Tracking down microplastics in Antarctica
Microplastics are everywhere, even in the most remote places. Where do these tiny pieces of plastic come from? Researchers from the University of Basel and the Alfred-Wegener Institute have shown that it takes precise analysis to answer this question.
Microplastics are an environmental problem since organisms ingest these tiny particles and can be harmed by them. Even remote regions such as Antarctica are affected. To quantify this form of pollution and find out where the small particles come from, a research team from the Department of Environmental Sciences at the University of Basel and the Alfred-Wegener Institute (AWI) at the Helmholtz Centre for Polar and Marine Research on the island of Heligoland studied water from the Weddell Sea, a region with minimal human activity.
"This is the first time a study of this scope has been conducted in Antarctica," says Clara Leistenschneider, doctoral candidate in the Department of Environmental Sciences at the University of Basel. In the course of two expeditions with the research vessel Polarstern in 2018 and 2019, the researchers took a total of 34 surface water samples and 79 subsurface water samples. They filtered approximately eight million liters of seawater in total and discovered microplastics in it—albeit in very small quantities. The researchers have published their results in the journal Environmental Sciences and Technology.
Earlier studies of microplastics in Antarctica were conducted in regions with more research stations, shipping traffic and people. The research team led by Professor Patricia Holm (University of Basel) and Dr. Gunnar Gerdts (AWI) thus hypothesized that the remote Weddell Sea would have substantially lower concentrations of microplastics. However, their measurements showed that concentrations are only partially lower than in other regions of Antarctica.
Paint and varnish are probably the main source
Establishing that microplastics are present in a given region is one thing. "But it's also important to know which plastics appear, in order to identify their possible origin and in the best case to reduce microplastic emissions from these sources," explains Leistenschneider.
The researchers first analyzed the plastic composition of the particles filtered out of the seawater. They found that 47 percent of the particles identifiable as microplastics were made of plastics that can be used as a binding agent in marine paint. That means marine paint and therefore shipping traffic are presumably a key source of microplastics in the Southern Ocean.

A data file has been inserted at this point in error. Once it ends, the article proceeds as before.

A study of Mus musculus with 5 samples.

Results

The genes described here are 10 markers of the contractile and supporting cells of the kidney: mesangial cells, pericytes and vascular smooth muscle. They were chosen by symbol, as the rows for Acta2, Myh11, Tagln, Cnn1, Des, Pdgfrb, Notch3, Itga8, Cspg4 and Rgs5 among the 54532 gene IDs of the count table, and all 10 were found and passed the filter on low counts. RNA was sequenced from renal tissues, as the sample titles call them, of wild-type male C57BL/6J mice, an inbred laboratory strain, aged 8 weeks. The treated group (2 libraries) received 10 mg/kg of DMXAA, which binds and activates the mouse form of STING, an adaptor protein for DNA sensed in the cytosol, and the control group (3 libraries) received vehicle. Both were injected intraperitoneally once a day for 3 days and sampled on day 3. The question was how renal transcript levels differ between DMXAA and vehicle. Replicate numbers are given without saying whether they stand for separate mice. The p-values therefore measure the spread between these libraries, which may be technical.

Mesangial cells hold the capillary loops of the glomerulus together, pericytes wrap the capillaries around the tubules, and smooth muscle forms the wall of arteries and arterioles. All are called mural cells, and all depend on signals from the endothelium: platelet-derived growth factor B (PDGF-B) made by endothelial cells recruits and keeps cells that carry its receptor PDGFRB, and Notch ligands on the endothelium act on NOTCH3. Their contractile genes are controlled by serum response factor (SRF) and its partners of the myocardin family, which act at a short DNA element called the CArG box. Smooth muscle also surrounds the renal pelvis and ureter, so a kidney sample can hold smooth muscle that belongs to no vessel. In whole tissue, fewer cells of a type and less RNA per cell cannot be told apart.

Other microplastic particles were identified as polyethylene, polypropylene and polyamides. These are used in packaging materials and fishing nets, among other things. Leistenschneider cautions that although it is possible to determine the different plastics used, the exact origin or previous application of the microplastic fragments is not known.
Additional analysis uncovers new findings
In this study, more than half of all sample fragments had visual characteristics similar to the ship paint on the research vessel Polarstern on which the team was traveling. At the Center for Marine Environmental Sciences (Marum) at the University of Bremen, the researchers analyzed these fragments in more detail by means of X-ray fluorescence (XRF) to identify pigments and fillers, as the commonly used method—Fourier transform infrared microscopy (FT-IR) – did not identify these substances. Along with binding agents, they are an important component of paint and are analyzed in forensics, along with their plastic content, to identify, for example, cars in hit-and-run accidents. Paint slivers left at the accident site are, so to speak, the vehicle's fingerprints.
The analysis in Bremen showed that 89 percent of the 101 microplastic particles studied in detail did indeed originate from the Polarstern. The remaining 11 percent came from other sources. This result prompted Leistenschneider to comment that "a number of comparative methods must be used to determine the origin of paint particles." This is the only way to accurately distinguish paint fragments found in the environment from contamination due to the research vessel.
Previous microplastics studies usually excluded particles similar to the paint on their own research vessels (based on the composition of binding agents and/or visual characteristics) as contamination without conducting further analysis.
Shipping traffic in the Southern Ocean has been increasing for some years, primarily as a result of increased tourism and fishing, but also due to research expeditions. "Developing alternative marine paint that is more durable and environmentally friendly would make it possible to reduce this source of microplastics and the harmful substances they contain," Leistenschneider says in summary.